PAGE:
A dean with global reach

A nurse-epidemiologist will head the School of Nursing.

Yale University

Yale University

New nursing dean Ann Kurth ’90MSN has a background in public health. View full image

“Better health for all.” The Yale School of Nursing’s motto may sound “bland,” admits Ann Kurth ’90MSN, but there is “tremendous energy embedded in that phrase.” Kurth aims to bring her own energy to the school when she becomes dean in January.

The nursing school has long been known both for educating practitioners and for research. Kurth, an epidemiologist whose own research has focused on HIV prevention and reproductive health, brings an expertise in the growing field of global health, an area in which she says she wants to add new faculty.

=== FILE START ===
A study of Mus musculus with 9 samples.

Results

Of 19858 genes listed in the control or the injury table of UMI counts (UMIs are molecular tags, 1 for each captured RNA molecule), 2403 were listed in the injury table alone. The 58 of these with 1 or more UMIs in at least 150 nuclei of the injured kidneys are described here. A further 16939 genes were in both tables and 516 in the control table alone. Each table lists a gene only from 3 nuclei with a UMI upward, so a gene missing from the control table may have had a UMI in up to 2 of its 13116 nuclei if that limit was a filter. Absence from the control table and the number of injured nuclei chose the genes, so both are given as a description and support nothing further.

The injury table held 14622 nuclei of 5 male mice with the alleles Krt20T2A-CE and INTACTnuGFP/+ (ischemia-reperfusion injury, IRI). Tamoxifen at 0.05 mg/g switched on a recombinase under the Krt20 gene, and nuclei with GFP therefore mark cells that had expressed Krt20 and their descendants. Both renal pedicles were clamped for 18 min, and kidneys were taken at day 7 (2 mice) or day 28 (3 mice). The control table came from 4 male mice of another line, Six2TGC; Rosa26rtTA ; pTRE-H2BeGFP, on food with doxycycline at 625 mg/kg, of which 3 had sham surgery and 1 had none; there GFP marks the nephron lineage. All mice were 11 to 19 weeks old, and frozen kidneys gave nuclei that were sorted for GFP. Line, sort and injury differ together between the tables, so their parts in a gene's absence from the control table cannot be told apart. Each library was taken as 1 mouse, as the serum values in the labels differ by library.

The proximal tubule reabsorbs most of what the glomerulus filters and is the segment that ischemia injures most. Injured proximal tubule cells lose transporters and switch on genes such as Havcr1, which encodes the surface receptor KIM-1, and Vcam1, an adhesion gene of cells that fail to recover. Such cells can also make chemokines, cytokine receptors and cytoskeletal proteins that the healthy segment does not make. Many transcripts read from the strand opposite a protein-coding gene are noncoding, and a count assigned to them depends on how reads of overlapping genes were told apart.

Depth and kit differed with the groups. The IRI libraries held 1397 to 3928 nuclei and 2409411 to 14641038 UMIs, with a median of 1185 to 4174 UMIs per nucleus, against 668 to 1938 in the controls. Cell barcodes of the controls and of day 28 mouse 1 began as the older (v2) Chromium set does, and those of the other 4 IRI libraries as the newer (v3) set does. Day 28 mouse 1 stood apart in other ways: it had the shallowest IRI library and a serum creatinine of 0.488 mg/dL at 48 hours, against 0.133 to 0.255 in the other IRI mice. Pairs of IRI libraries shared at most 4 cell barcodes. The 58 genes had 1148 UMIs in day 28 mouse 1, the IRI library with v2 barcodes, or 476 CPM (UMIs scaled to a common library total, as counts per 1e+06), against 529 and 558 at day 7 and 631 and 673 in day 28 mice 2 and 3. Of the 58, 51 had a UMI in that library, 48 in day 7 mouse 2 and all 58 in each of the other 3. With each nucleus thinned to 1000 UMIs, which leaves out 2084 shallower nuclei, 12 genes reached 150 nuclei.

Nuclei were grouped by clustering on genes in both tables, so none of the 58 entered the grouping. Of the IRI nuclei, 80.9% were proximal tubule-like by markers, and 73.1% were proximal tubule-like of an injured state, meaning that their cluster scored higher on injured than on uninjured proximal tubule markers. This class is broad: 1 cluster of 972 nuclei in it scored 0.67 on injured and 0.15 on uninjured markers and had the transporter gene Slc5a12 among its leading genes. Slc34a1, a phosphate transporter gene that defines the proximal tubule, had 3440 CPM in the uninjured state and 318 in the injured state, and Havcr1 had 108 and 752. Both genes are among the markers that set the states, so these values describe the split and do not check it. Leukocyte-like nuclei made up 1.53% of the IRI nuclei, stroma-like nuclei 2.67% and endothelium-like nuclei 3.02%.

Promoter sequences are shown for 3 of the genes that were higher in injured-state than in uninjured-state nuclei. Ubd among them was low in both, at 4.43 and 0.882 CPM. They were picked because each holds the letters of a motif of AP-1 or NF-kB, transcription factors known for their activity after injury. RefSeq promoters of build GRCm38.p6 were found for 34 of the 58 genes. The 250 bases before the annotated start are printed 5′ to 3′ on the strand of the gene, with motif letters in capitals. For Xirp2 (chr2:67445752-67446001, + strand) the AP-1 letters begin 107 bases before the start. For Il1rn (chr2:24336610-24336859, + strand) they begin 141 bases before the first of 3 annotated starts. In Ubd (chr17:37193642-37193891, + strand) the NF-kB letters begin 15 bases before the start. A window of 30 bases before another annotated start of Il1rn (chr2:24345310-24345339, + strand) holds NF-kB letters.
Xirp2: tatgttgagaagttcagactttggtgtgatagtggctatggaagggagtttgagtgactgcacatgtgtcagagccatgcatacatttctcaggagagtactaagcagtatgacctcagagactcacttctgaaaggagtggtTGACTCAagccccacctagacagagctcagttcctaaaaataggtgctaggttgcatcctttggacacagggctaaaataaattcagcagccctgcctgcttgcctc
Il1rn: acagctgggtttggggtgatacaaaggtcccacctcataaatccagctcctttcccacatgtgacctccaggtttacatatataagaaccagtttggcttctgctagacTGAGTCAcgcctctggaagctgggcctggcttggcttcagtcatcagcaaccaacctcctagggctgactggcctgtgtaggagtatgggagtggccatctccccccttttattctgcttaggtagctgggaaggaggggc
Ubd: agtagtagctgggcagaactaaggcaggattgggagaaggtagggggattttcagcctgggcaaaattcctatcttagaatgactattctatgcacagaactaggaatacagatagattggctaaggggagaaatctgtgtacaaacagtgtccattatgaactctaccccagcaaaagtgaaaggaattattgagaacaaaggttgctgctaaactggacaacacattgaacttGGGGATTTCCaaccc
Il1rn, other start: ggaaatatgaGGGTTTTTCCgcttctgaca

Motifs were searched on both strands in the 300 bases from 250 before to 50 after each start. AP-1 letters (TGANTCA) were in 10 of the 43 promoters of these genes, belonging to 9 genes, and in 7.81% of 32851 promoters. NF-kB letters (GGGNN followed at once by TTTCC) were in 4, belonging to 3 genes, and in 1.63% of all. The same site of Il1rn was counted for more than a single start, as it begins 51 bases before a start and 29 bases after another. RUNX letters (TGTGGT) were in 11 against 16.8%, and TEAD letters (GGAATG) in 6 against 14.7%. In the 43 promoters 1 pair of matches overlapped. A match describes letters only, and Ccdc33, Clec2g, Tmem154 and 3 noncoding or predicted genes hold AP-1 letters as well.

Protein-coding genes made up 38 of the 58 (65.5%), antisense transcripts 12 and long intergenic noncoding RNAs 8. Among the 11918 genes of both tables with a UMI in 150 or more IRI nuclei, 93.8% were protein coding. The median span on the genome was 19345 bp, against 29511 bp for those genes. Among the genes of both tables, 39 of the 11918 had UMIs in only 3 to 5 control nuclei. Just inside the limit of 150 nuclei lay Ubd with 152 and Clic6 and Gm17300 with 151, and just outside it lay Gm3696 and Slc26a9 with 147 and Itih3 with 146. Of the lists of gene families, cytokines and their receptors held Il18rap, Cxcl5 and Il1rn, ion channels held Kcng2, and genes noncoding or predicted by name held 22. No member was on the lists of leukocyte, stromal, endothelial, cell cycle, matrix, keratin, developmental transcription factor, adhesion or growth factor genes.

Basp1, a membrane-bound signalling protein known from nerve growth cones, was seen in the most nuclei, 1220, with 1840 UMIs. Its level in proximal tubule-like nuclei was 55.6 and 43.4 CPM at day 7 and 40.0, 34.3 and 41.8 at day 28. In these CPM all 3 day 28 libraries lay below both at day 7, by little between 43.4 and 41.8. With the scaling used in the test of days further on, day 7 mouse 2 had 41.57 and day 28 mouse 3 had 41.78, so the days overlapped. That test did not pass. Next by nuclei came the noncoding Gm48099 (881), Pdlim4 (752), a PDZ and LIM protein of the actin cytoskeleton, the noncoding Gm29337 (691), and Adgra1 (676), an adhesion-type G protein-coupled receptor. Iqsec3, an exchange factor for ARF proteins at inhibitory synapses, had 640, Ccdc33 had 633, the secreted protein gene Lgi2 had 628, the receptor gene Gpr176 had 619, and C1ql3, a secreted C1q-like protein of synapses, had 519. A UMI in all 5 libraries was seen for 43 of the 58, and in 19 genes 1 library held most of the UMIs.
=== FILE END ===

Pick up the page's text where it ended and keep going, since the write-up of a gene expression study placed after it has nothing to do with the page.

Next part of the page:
Among her other goals is improving financial aid so that graduates can work in underserved communities without being burdened by debt. Kurth says one approach to reducing debt is shifting the Master’s of Science in Nursing program from two academic years to 15 straight months, in order to “shorten and streamline the time spent during degree programs by reducing redundancies in content.”

Currently a professor of nursing, medicine, and public health at New York University, Kurth received her master’s in nursing from Yale, a master’s in public health from Columbia, and a PhD in epidemiology from the University of Washington. Until the Cure (1993), a book she edited that developed out of her thesis at Yale, was one of the first published on women and HIV.

In an interview about new appointments (“Help Wanted,” September/October) President Peter Salovey ’86PhD highlighted Kurth’s “passion” about nursing research, education, and practice, as well as her diverse academic background. “The fact that she could be the kind of person who would be very much a bridge among various parts of the university,” Salovey said, “made her additionally appealing to me as a candidate.”